Is ‘Red Ed’ a myth or has Labour just voted itself into opposition?

Already the Conservatives have attempted to portray the result as a triumph for the trade unions and a lurch to the left by Labour. Mr Miliband finds himself being branded as ‘Red Ed’. But for someone who served his political apprenticeship as one of Gordon Brown’s advisers, before being elected as an MP under Tony Blair and appointed to cabinet by Brown, this seems a bit odd. These were hardly revolutionary left-wing politicians.

Certainly, Miliband has said little that suggests he plans a return to penal tax rates and re-nationalising British industry – policies that Labour tried in the 1970s and 80s. He separated himself from the other mainstream candidates by stating that he had opposed the Iraq war – hardly a radical statement since many Labour MPs, even those who ended up voting to back the invasion, had serious misgivings. Meanwhile, he has said that the British economy needs to be rebalanced, with less focus on the financial sector, a higher levy to be paid by the banks, and a more gradual move to fiscal consolidation. The Conservative-led coalition has promised deep public spending cuts to balance Britain’s 10% budget deficit, but the ongoing disaster in Ireland and other European countries shows the dangers of returning to recession if you cut too early and too deep.

There is no denying the fact that the trade unions, still a significant force in British labour politics, are happy. While Ed Miliband polled fewer votes among MPs, MEPs and party members than David, he won 60% of the trade union vote, enough to give him his victory. This may give the Conservatives a little ammunition, but it should also restore some money to Labour’s depleted coffers. After the election, when it was easily outspent by the Conservatives, Labour is more than £20m in debt. The big unions will be expected to dig into their pockets to provide a down payment on this debt.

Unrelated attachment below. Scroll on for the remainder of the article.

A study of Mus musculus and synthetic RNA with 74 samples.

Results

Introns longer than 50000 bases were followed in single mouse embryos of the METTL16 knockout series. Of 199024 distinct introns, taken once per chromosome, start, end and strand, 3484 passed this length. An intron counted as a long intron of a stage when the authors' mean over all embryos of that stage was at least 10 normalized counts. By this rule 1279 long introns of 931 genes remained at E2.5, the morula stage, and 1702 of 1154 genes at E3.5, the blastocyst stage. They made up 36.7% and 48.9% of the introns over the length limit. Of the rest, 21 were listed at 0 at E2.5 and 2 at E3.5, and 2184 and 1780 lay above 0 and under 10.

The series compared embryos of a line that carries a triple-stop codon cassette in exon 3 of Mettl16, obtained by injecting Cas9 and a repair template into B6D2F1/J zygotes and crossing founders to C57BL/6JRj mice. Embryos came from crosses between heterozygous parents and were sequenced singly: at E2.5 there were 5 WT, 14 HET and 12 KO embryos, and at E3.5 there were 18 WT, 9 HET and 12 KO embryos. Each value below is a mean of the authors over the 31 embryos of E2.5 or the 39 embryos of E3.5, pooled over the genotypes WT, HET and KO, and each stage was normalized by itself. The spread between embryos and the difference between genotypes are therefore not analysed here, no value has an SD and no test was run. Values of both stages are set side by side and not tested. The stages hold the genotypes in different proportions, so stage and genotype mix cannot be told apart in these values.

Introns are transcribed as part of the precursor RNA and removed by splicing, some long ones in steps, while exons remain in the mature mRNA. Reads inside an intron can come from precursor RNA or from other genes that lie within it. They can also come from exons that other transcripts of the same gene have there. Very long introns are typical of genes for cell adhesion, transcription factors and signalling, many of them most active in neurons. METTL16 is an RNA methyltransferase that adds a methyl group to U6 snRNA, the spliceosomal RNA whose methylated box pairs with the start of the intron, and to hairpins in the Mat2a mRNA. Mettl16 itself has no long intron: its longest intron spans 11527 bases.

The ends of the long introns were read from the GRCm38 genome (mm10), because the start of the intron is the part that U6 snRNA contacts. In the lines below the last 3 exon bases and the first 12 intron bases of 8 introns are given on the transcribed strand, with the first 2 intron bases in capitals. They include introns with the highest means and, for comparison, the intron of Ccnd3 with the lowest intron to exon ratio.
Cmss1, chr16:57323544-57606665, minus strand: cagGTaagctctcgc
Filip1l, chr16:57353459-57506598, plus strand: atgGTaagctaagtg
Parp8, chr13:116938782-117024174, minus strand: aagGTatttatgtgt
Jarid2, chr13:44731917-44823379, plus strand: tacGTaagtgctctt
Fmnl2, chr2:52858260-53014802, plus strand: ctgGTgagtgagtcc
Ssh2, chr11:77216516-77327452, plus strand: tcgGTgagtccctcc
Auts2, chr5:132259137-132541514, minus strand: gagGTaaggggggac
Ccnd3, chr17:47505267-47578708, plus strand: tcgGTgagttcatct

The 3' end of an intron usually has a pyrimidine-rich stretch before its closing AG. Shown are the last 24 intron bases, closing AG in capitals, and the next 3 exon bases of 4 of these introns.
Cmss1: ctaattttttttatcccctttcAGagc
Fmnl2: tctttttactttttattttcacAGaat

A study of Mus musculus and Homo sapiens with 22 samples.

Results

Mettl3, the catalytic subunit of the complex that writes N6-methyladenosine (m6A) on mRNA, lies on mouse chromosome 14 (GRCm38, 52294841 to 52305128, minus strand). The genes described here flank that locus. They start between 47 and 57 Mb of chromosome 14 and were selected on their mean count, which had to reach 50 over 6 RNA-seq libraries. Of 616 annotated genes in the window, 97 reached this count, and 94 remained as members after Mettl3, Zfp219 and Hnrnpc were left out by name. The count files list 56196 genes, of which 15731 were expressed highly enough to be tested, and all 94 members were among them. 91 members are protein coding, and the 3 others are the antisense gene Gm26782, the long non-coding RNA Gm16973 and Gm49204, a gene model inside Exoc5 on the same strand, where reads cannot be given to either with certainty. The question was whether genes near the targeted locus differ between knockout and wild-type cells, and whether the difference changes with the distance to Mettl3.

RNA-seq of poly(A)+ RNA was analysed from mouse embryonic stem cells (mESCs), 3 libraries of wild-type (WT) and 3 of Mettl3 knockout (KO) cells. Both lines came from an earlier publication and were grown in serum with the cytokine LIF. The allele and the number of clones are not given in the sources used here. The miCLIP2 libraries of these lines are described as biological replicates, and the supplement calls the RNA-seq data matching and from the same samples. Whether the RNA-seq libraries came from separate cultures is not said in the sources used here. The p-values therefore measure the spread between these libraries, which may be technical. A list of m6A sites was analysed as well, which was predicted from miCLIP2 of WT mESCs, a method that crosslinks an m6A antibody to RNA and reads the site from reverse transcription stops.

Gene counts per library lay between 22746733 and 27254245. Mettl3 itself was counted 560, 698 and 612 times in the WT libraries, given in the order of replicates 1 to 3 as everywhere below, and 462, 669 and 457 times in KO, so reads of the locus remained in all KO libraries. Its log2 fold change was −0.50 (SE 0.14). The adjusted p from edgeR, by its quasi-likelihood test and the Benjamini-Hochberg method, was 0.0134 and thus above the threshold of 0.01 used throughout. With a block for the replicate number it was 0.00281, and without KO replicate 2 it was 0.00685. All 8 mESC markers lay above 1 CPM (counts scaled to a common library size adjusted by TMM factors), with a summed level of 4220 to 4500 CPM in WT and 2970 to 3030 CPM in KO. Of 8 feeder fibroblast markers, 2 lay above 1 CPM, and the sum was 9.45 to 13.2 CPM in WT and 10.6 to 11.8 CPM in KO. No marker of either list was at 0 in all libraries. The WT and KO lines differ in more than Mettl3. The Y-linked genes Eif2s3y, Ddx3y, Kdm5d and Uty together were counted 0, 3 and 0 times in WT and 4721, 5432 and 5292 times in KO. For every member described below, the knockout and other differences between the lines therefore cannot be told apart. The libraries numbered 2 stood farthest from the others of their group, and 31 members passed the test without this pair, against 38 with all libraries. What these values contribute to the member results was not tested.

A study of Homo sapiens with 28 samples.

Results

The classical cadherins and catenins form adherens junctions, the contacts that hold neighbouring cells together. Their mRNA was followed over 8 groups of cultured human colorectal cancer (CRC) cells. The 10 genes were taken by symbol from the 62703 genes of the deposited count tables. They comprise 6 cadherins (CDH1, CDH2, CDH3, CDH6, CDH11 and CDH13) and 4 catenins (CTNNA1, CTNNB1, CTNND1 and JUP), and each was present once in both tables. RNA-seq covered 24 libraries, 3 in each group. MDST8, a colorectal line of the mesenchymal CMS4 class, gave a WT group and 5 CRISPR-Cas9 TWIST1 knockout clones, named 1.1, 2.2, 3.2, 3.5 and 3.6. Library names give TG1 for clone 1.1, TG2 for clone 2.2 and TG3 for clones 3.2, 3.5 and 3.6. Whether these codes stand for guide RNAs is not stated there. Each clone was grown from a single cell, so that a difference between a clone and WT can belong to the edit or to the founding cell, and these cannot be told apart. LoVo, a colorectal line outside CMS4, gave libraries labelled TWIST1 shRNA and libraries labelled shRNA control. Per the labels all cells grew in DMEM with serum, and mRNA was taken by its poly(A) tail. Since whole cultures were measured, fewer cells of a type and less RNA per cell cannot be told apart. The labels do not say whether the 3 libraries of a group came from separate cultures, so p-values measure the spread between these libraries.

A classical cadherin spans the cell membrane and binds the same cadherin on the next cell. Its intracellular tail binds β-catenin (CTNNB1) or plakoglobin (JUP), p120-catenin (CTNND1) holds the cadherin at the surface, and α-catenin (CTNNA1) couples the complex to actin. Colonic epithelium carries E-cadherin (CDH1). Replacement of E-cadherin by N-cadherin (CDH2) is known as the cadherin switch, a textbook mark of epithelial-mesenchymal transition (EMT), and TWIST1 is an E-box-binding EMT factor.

The truth is that Ed Miliband is, at 38, young and less well known than Labour’s old guard who served under Blair and Brown. So he will have to do as David Cameron did in 2005 and hit the ground running. But we should not forget that David Cameron only became an MP in 2001 and, before becoming Prime Minister, had never served as a government minister. Ed Miliband has nearly three years of cabinet experience. Youth is what you make of it – it is neither a virtue nor a vice.

Another old political saying is that ‘opposition parties don’t win elections, governments lose them’. Just months after it polled 29%, Labour is now neck and neck with the Conservatives on between 35 and 40% in the opinion polls. If the coalition does not have the British economy booming within five years, then life will be quite easy for Ed Miliband. If the economy stagnates and unemployment soars, then he, and his party, will have been proven right, and the coalition will probably be finished.

Miliband’s first priority must be to make sure he has a united party behind him. The narrowness of the victory – 50.65% to his brother’s 49.35% – stunned many. Ed Miliband must make sure that he offers the olive branch to his brother’s supporters and campaign team. The result must have been a devastating personal defeat for David Miliband, and he has behaved with enormous dignity. I hope that we will not lose him from European public life for good. Having turned down the opportunity to become EU High Representative on Foreign Affairs to try to help his own party, David Miliband has paid a high price. I hope – and believe – that we will see him back in frontline politics soon.

But now is Ed’s moment. He should be able to rebuff the ‘red Ed’ name easily by offering a sensible deficit reduction plan that is balanced between mild spending cuts and tax rises, and by changing the mentality of his party from a top-down leadership-dominated structure to a more grassroots-oriented party that takes account of the views of ordinary party members. In the 24 hours after Ed Miliband was elected over 1,000 new members joined the Labour party. I would say that’s a pretty good start on the road back to power.